Cuccinelli’s ‘win’ is only procedural

CUCCINELLI’S ‘WIN’ IS ONLY PROCEDURAL…. Virginia’s comically-right-wing state attorney general, Ken Cuccinelli II, filed suit in March, hoping to undermine the Affordable Care Act by claiming that an individual mandate is unconstitutional. Most legal experts, including many conservatives, find the case to be pretty frivolous — a former Bush/Cheney U.S. attorney said the litigation not only lacks merit, but should be “seen as a political exercise” — and Cuccinelli has struggled to explain why this isn’t a waste of taxpayer money.

Obama administration attorneys hoped to bounce the case right out of court before the proceedings could get underway in earnest. In a move that will probably delight the far-right, a district court judge announced this morning that the case can proceed.

A federal judge Monday refused to dismiss a Virginia lawsuit challenging the constitutionality of the federal health-care law, handing the law’s foes their first victory in a courtroom battle likely to last years.

U.S. District Court Judge Henry E. Hudson rejected arguments from Obama administration lawyers that Virginia has no standing to sue over the law and no chance of ultimately prevailing in its constitutional claim.

Before anyone gets too excited about this, it’s a procedural victory, not a measure of success on the merits. The judge didn’t say Cuccinelli’s right; the judge said he’d give Cuccinelli’s argument a full hearing. The issue at hand today was one over “standing” — whether Cuccinelli is in a legally justifiable position to file the lawsuit in the first place, giving the court the jurisdiction to hear the case. The administration hoped to convince Hudson that the Virginia AG hadn’t even met this threshold, but the court disagreed. So, the suit lives to see another day.

Regrettably, Judge Hudson’s objectivity is already in doubt. He’s a Bush/Cheney appointee, and more importantly, the Huffington Post noted that the judge “has financial ties to both the attorney general who is challenging the law and to a powerhouse conservative law firm whose clients include prominent Republican officials and critics of reform.”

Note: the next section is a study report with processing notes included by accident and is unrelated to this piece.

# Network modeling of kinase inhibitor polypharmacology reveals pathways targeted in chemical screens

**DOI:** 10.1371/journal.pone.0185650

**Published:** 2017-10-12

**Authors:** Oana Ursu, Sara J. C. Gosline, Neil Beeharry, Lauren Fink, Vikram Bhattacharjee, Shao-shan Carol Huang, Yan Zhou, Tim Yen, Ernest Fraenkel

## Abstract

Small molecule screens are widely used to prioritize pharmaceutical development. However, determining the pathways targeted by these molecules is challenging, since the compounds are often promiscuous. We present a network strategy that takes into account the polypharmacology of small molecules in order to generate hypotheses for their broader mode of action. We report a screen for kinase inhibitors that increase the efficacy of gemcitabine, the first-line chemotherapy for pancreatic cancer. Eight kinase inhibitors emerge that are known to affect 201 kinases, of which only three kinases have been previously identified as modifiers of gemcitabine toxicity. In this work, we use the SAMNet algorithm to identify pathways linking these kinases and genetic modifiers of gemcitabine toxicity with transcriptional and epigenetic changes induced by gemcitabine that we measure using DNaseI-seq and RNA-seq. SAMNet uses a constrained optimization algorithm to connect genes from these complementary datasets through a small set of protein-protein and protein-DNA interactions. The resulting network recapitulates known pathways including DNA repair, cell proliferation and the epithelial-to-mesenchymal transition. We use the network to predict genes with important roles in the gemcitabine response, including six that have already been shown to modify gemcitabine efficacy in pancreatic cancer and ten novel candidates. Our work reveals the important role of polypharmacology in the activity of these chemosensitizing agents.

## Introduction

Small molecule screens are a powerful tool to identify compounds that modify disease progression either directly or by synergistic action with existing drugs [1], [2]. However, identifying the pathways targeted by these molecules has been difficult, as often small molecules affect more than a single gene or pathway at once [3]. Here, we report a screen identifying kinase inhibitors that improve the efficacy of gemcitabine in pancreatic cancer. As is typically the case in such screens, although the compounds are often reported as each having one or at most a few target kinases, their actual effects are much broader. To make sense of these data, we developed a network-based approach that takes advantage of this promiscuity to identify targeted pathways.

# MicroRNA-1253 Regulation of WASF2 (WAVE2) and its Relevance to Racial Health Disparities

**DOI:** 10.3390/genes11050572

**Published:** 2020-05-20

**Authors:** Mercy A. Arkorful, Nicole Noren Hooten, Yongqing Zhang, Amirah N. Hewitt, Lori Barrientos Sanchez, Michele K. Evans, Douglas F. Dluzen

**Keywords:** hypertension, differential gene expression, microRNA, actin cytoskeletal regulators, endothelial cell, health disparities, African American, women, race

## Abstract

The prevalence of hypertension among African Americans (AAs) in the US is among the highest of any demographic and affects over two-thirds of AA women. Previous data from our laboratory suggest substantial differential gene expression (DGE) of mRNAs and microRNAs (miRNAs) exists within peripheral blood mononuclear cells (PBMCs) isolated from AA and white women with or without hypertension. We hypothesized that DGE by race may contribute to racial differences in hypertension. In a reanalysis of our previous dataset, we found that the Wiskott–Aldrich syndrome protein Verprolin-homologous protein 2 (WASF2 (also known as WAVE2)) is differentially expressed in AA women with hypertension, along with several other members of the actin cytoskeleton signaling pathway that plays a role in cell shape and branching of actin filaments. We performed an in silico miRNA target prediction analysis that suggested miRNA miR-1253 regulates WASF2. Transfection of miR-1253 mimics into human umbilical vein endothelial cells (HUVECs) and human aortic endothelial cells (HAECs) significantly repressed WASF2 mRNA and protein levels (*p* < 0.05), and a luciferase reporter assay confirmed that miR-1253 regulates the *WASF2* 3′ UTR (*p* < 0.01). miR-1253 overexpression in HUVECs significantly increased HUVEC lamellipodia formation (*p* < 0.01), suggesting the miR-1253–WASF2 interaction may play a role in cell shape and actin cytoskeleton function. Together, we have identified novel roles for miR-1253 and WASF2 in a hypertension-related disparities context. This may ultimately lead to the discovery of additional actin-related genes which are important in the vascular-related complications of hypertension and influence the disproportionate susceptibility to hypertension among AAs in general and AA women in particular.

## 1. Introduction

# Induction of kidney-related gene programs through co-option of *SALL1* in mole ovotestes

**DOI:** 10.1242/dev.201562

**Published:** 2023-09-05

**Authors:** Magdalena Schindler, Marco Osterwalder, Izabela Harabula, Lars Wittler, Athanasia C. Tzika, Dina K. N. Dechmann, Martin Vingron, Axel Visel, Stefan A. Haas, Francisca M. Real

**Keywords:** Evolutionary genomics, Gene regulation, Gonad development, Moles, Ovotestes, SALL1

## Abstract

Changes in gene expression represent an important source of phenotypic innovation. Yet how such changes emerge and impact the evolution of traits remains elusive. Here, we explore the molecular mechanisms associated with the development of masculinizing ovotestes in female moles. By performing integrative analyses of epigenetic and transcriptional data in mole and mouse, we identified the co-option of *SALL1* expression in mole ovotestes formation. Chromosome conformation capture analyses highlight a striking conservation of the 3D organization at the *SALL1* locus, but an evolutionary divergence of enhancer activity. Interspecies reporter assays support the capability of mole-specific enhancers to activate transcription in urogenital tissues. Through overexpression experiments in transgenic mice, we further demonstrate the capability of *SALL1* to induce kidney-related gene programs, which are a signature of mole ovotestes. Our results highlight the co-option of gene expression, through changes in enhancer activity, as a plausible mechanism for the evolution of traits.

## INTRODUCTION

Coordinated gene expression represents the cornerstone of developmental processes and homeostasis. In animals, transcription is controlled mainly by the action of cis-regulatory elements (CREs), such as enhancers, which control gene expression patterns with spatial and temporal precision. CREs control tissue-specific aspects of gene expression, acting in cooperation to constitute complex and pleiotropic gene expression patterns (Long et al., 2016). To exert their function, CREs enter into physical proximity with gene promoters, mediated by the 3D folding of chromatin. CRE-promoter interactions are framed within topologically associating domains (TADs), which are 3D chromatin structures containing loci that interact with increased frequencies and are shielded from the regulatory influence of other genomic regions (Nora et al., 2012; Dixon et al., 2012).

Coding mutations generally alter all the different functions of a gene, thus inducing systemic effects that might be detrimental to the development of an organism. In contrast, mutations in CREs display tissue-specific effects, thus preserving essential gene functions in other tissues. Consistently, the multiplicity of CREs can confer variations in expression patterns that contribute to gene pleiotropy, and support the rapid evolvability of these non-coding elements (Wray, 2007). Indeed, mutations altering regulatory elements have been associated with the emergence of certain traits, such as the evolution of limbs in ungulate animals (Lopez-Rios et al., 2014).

Nevertheless, the issue continues to be over the legality of the mandate. Folks who never seemed especially troubled by mandatory auto insurance or mandatory flood insurance in some parts of the country have now concluded that a health care mandate is the most offensive idea they’ve ever heard. It’s the basis of GOP litigation, and ballot measures at the state level touted by right-wing activists.

It’s worth taking a moment, then, to remember a couple of things. First, the concept of an individual mandate as part of health care reform was, in fact, a Republican idea. Indeed, leading GOP senators were on board with the mandate as recently as a year ago. It’s a detail that seems to be easily forgotten by those who hope you’re not paying attention.

Second, note why the mandate exists. If a policy bans discrimination on those with pre-existing conditions, it must also include an individual mandate. It’s not that complicated — if those with pre-existing conditions are to be protected, the mandate is necessary to keep costs from spiraling and to prevent the “free rider” problem.

Of course, if there’s an individual mandate, then it’s also necessary to include subsidies to those who otherwise couldn’t afford coverage. And once you put this string together — protections for those with pre-existing conditions … which requires a mandate … which requires subsidies — what you’re left with is the Affordable Care Act.

But let’s say the Republican crusade against their own idea is successful. It probably won’t be, but let’s just say it is. Here’s the question for the GOP: how are you going to clean up the mess? The mandate brings everyone into the system and keeps costs down. If the right scraps the mandate, the new health care law will still exist; it’ll just be more expensive.

Is this the Republican plan, or have they just not thought this through?